2012 Apr 26 - Thu
Cloud / Virtualization Management
At the KVM/Qemu command level, there are a number of additional configuration requirements for connecting
a network, remote storage, local devices, and other related operating environment devices. I'll write an entry
about those later on. In the meantime, I wanted to put together a list of higher level management tools
which may eliminate the need for dealing with the lower level infrastructure details. Some of the ones I have
encountered are listed below.
For those wondering what is the different between cloud computing and virtualization, NIST has come up with a
definition to help clarify the cloud computing side of things at:
A NIST Definition of Cloud Computing
- OpenStack: A group of companies organized around
Rackspace to come up with a scaleable, resilient virtualization environment.
- cloudStack: Cloud management tools developed primarily
through Citrix for the Xen platform. I think Citrix has now joined the Openstack movement now. It has been said
(Cloud code merges with Cloudstack) that code from
cloudstack will merge into openstack.
- OpenNebula: A seemingly robust, mature cloud management
platform widely used by many big name companies. It interacts with Xen, KVM, and VMWare. There appears to be a good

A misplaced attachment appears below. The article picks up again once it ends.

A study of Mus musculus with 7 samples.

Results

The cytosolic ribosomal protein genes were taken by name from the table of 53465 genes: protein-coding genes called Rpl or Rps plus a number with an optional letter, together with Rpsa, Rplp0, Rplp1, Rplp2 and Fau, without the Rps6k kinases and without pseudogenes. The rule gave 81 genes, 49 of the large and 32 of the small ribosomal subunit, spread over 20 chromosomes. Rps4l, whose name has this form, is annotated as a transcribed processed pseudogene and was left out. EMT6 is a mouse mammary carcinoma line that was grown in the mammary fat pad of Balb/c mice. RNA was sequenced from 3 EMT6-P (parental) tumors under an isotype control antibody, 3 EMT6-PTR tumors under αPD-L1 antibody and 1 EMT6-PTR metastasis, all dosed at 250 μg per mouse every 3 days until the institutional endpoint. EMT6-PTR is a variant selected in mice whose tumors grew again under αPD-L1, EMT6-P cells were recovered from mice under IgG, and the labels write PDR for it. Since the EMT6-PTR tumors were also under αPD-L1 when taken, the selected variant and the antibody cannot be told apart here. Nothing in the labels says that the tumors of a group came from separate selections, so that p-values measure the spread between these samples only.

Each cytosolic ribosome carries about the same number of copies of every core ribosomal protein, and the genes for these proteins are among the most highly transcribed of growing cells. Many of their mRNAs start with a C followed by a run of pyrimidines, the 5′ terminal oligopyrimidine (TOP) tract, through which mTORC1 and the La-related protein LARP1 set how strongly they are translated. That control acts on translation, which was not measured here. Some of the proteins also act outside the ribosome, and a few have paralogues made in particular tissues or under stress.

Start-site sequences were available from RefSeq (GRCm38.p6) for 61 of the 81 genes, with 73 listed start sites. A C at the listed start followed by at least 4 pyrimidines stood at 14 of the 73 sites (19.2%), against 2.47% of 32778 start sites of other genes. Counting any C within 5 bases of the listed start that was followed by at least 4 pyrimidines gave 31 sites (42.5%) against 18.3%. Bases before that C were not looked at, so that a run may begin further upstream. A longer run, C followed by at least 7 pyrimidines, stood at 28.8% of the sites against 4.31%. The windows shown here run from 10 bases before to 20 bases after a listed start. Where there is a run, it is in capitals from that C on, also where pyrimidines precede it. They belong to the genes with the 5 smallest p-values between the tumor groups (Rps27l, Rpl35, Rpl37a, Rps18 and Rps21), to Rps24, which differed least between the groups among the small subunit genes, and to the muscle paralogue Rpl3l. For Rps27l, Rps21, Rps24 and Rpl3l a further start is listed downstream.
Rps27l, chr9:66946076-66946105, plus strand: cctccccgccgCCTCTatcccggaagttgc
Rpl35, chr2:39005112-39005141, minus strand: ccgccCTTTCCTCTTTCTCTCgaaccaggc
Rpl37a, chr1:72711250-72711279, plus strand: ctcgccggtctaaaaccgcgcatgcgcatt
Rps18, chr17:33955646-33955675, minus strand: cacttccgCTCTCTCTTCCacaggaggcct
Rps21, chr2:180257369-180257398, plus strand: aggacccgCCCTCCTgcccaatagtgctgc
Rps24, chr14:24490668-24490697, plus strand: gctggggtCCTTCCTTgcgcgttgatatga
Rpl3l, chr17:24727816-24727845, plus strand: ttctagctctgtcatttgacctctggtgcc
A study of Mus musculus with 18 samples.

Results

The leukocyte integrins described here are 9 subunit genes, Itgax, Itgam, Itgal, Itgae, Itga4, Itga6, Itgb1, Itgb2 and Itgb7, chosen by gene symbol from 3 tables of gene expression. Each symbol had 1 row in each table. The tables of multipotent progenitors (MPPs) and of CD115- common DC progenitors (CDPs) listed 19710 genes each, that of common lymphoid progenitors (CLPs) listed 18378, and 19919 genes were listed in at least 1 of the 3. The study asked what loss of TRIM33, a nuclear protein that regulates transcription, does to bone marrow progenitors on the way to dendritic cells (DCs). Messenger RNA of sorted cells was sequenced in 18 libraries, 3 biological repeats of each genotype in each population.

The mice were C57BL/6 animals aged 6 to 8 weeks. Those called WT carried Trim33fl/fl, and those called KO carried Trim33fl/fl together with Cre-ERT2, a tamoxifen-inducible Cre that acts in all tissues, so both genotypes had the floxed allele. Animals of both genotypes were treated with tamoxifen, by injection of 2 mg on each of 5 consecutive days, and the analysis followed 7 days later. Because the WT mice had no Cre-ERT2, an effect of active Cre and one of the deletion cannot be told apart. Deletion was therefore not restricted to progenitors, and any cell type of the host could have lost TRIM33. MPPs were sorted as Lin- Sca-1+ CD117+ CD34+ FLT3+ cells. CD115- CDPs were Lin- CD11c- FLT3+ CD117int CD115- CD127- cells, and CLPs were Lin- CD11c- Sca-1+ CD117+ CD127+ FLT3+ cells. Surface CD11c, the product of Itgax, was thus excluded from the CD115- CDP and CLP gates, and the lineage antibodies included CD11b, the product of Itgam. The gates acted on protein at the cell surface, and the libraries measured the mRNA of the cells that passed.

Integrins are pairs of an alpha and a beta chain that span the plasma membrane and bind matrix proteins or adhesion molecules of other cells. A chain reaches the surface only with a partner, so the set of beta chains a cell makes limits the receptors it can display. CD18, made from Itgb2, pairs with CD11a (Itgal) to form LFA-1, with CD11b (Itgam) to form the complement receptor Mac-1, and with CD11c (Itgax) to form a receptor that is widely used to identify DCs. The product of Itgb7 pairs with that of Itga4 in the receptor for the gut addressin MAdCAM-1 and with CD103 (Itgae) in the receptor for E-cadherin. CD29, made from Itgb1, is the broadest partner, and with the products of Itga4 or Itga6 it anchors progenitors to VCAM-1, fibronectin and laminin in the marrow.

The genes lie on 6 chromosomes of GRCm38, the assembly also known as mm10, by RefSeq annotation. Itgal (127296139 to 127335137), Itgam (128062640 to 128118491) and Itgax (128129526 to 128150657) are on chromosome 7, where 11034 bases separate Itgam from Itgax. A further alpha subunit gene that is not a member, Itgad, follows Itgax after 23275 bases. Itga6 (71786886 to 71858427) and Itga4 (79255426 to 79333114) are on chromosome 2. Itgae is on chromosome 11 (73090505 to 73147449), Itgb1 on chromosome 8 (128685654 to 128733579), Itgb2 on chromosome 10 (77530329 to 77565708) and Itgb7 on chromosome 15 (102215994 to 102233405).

set of installation and configuration documents.
- Ganeti: Ganeti is a cluster virtual server
management software tool built on top of existing virtualization technologies. It is
said that Google uses this to handle their internal cloud/virtualization requirements. There is a good set of top level documents.
- Eucalyptus: One of the first open source cloud platforms I encountered. It has
good integration with Amazon's EC2 services. It seems there are partially closed services in Eucalyptus.
- openQRM: openQRM supports and seamlessly manages VMware, Xen, KVM and Citrix XenServer virtual machines. openQRM supports P2V (physical to virtual), V2P (virtual to physical) AND V2V (virtual to virtual) migration. The one difficulty
with this is that their web site offers no direct line to downloads or documentation, so I'm not sure just how 'open' it is.